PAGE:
If we have learned anything from the social media age, it is that a lot can happen in a matter of days.
On Jan. 10, a former editor at the New Republic revealed herself as the creator of an online list of men in the media industry accused of sexual misconduct. It was not long before critics chimed in.
“Now that we’re finally listening to women, some people are asking an important question: Should we stop listening to women?” Bee said.
Andrew Sullivan notably knocked the media-men list in a column for New York magazine, deeming it an “online forum in which anonymous people could make accusations about men whose careers and reputations would potentially be destroyed as a consequence.” Bee opted to compare the list with the Green Book, a guidebook published in the 1930s to help black roadtrippers travel the country safely.
“The list told women which men might be hostile, gropey, grabby, pinchy, pervy, plagiarize-y and rapey, a.k.a. the Weinstein Company version of the seven dwarfs,” she said.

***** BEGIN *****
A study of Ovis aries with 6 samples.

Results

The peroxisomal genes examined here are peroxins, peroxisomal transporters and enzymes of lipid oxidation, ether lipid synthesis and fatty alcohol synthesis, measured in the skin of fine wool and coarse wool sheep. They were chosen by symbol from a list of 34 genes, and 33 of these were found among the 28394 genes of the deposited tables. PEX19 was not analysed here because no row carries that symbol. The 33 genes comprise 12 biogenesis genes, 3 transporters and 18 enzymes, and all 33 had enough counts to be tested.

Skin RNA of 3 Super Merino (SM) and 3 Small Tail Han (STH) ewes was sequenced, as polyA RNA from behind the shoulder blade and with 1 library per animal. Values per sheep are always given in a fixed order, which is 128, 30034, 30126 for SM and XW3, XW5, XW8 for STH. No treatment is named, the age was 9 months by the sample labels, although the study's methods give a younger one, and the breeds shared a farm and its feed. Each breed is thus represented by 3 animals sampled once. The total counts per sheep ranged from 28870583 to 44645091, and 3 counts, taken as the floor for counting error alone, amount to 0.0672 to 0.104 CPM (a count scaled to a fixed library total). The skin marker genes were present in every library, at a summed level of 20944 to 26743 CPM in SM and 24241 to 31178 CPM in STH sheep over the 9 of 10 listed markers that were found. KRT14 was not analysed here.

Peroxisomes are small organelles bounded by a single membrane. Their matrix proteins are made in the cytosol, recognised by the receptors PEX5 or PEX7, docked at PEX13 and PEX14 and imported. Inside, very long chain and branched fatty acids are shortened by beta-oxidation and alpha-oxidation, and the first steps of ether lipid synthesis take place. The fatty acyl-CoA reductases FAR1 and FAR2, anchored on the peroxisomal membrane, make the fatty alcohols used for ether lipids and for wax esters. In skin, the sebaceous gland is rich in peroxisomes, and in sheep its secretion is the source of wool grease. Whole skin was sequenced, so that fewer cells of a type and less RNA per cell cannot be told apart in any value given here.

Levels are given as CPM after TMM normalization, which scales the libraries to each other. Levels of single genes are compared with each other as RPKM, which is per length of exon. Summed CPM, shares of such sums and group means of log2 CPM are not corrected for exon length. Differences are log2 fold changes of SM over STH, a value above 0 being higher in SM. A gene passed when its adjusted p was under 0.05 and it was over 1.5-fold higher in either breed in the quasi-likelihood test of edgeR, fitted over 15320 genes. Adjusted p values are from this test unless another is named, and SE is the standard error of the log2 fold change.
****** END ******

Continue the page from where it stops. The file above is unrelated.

Bee presented a montage of #MeToo critics voicing their opinion, including former secretary of state Condoleezza Rice and “Taken” star Liam Neeson, and deemed them members of “the #YouTooLoud movement.”
“It doesn’t have to be rape to ruin your life, and it doesn’t have to ruin your life to be worth speaking out about,” Bee said. “Any kind of sexual harassment or coercion is unacceptable.”
Coercion was central to online debate about a 2017 incident involving comedian Aziz Ansari, detailed in a controversial piece published Saturday by Babe.net. The article implied Ansari had ignored a young woman’s “verbal and nonverbal cues” that she did not want to have sex, and readers argued about whether his actions should be considered sexual misconduct or simply part of “a bad date.” (Ansari has since stated he believed the encounter was consensual.)
HLN host Ashleigh Banfield chose the latter of the two sides, as Bee shared on her show, and said it was on the young woman for not leaving the date earlier in the night. Others have expressed concern that supporters of the #MeToo movement are equating the seriousness of assault and coercion. Bee shot this argument down immediately.
“We know the difference between a rapist, a workplace harasser and an Aziz Ansari,” she said. “That doesn’t mean we have to be happy about any of them.”
Bee ended the heated segment by directing her exasperation toward men who have worn a Time’s Up pin but who she claims do not act on their avowed feminist beliefs: “We are not your accessories.”
The video below contains explicit language.